OLCF testing new platform for scientific workflows
OpenShift gives OLCF users ability to deploy and manage infrastructure services
Increasingly, scientific progress is driven by data—along with the instruments that produce it, the networks that move it, the systems that analyze it, and the servers that host and disseminate it.
To meet the demands of data-intensive science, researchers and computing experts have created new infrastructures that link scientific instruments with web and data services and high-performance computing (HPC). These workflows have been implemented to automate on-demand, long-running HPC processes and accelerate discovery in fields as varied as high-energy physics, biology, and materials science, among other domains.
In the past, integrating these data workflows with supercomputing resources at the Oak Ridge Leadership Computing Facility (OLCF), a US Department of Energy (DOE) Office of Science User Facility at DOE’s Oak Ridge National Laboratory, has been a time- and labor-intensive process, requiring a thorough understanding of both the workflow and the underlying HPC infrastructure. A new pilot project led by OLCF staff, however, holds the promise of simplifying this task, allowing users to deploy and manage nontraditional workloads on their own.
OLCF HPC Operations staff is testing a platform created by software company Red Hat called OpenShift, an open-source program built on top of the container management system Kubernetes. Within the OLCF environment, OpenShift provides users with a way to execute scientific workflows via containers—customized software bundles that can be run in isolation from a computer’s operating system. Containers give users the freedom to create their own application environment, while OpenShift handles system administration details so that users won’t have to.
“It’s kind of like a FedEx model in that you just give FedEx a box and they’ll ship it wherever it needs to go,” said Jason Kincl, a member of the OLCF’s HPC Operations team. “In a similar way, the user can send OpenShift a container, and the software knows how to schedule and run that package.”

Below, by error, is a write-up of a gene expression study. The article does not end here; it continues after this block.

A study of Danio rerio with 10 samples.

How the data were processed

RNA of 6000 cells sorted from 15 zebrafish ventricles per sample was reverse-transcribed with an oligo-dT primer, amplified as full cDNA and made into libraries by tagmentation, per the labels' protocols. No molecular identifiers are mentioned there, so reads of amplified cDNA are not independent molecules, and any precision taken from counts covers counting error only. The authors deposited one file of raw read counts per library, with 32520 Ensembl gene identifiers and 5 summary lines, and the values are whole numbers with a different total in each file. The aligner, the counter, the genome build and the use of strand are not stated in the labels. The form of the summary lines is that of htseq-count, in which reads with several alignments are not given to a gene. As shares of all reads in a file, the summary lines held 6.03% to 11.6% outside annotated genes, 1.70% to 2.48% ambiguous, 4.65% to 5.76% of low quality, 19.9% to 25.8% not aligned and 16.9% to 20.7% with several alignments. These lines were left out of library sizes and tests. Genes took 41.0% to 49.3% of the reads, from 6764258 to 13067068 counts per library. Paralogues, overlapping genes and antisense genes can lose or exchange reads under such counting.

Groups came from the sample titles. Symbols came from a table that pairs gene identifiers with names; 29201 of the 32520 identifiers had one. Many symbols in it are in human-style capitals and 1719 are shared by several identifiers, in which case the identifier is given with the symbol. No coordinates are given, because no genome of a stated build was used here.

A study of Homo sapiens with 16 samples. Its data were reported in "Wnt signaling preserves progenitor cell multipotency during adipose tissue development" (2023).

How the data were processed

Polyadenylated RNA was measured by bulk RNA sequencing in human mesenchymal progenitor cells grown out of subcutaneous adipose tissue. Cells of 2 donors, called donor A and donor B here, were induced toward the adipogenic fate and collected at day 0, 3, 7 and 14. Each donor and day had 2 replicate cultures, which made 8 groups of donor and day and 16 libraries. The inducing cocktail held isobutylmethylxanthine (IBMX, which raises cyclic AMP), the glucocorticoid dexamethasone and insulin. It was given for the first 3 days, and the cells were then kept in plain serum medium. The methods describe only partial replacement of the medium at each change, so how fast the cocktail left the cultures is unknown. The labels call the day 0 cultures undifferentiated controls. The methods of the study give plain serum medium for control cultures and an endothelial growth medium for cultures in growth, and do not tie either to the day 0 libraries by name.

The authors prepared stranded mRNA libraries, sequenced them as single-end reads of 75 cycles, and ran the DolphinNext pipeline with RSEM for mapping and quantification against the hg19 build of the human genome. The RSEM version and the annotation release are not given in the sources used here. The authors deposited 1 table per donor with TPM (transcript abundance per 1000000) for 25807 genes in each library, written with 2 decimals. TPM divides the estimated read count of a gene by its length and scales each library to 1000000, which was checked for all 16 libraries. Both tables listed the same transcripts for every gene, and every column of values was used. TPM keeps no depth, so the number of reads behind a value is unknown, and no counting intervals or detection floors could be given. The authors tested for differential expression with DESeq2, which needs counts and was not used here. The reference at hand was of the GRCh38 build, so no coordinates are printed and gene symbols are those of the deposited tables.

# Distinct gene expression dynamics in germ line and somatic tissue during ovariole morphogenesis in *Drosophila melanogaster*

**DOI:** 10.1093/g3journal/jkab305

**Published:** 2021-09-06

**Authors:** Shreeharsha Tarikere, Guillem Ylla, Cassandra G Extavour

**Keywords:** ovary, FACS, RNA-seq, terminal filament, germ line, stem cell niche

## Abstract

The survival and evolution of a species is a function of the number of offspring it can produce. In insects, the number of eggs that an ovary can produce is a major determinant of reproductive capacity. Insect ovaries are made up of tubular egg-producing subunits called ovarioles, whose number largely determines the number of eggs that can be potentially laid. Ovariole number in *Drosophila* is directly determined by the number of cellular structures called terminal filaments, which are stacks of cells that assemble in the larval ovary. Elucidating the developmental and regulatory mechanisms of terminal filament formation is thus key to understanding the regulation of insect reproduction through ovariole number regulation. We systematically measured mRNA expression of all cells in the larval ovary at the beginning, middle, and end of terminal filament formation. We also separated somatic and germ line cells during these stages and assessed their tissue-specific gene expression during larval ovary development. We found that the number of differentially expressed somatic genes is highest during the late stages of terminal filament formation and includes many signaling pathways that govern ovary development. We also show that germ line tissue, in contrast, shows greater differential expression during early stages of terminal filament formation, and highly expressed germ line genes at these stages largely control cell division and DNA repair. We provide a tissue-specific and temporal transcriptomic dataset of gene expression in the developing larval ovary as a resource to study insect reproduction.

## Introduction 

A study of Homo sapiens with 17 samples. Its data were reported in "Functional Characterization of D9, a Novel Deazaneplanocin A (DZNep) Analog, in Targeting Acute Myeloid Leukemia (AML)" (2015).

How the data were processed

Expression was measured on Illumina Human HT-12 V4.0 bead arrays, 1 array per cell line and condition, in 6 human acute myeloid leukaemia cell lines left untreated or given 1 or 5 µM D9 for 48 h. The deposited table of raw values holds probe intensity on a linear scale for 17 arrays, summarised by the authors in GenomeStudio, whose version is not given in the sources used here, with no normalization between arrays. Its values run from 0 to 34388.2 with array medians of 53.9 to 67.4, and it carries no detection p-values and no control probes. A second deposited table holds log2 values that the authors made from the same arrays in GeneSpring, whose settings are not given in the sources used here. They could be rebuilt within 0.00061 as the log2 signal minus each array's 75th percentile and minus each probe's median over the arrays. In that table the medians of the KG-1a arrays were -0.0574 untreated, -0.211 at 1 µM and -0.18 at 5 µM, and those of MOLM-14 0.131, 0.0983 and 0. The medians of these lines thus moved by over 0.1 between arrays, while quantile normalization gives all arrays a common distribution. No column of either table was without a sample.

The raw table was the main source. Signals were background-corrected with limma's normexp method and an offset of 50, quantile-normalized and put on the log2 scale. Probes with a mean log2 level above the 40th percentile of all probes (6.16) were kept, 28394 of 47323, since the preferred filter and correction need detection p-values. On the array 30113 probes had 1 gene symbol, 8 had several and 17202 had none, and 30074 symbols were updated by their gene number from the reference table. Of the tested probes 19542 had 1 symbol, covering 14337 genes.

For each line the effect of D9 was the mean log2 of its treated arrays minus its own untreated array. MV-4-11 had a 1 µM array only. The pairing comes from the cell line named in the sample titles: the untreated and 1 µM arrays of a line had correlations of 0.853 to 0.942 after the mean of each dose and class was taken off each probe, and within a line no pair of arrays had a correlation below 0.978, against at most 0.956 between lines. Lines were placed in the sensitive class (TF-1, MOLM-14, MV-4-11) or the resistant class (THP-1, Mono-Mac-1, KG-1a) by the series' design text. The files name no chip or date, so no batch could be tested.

This setup could reduce the time users need to stand up workflows from a few weeks to a few days. Additionally, the service could expedite the setup and maintenance of data portals for users who want to host their data at the OLCF and make it accessible to outside collaborators.
Currently, OLCF staff is working with a high-energy physics team to pilot the first scientific workflow using OpenShift. The workflow, known as Big PanDA, has been scheduling jobs opportunistically on the OLCF’s Titan supercomputer since September 2015 in support of the ATLAS collaboration, an ambitious project designed to detect particles created by proton collisions at the Large Hadron Collider in Switzerland. Running Big PanDA on OpenShift is helping OLCF staff fine-tune the new operational model and explore ways for users to access central resources, such as the OLCF’s parallel file system and job scheduler, with containers.
“It’s working, and it’s actually been really cool to see users compress that innovation loop,” Kincl said. “They have the power to get their application up and running on their own.”
Kincl said he would like to see the OLCF eventually run its operational infrastructure, including web and database services, on OpenShift to help reduce the complexity of standing up and managing dozens of OLCF services.
“It’s a heavy lift to run an application today because when our team stands up a machine, its identity and configuration exist in a bunch of different places,” he said. “Having a common platform to build on will provide operational speedup.”
Oak Ridge National Laboratory is supported by the US Department of Energy’s Office of Science. The single largest supporter of basic research in the physical sciences in the United States, the Office of Science is working to address some of the most pressing challenges of our time. For more information, please visit science.energy.gov.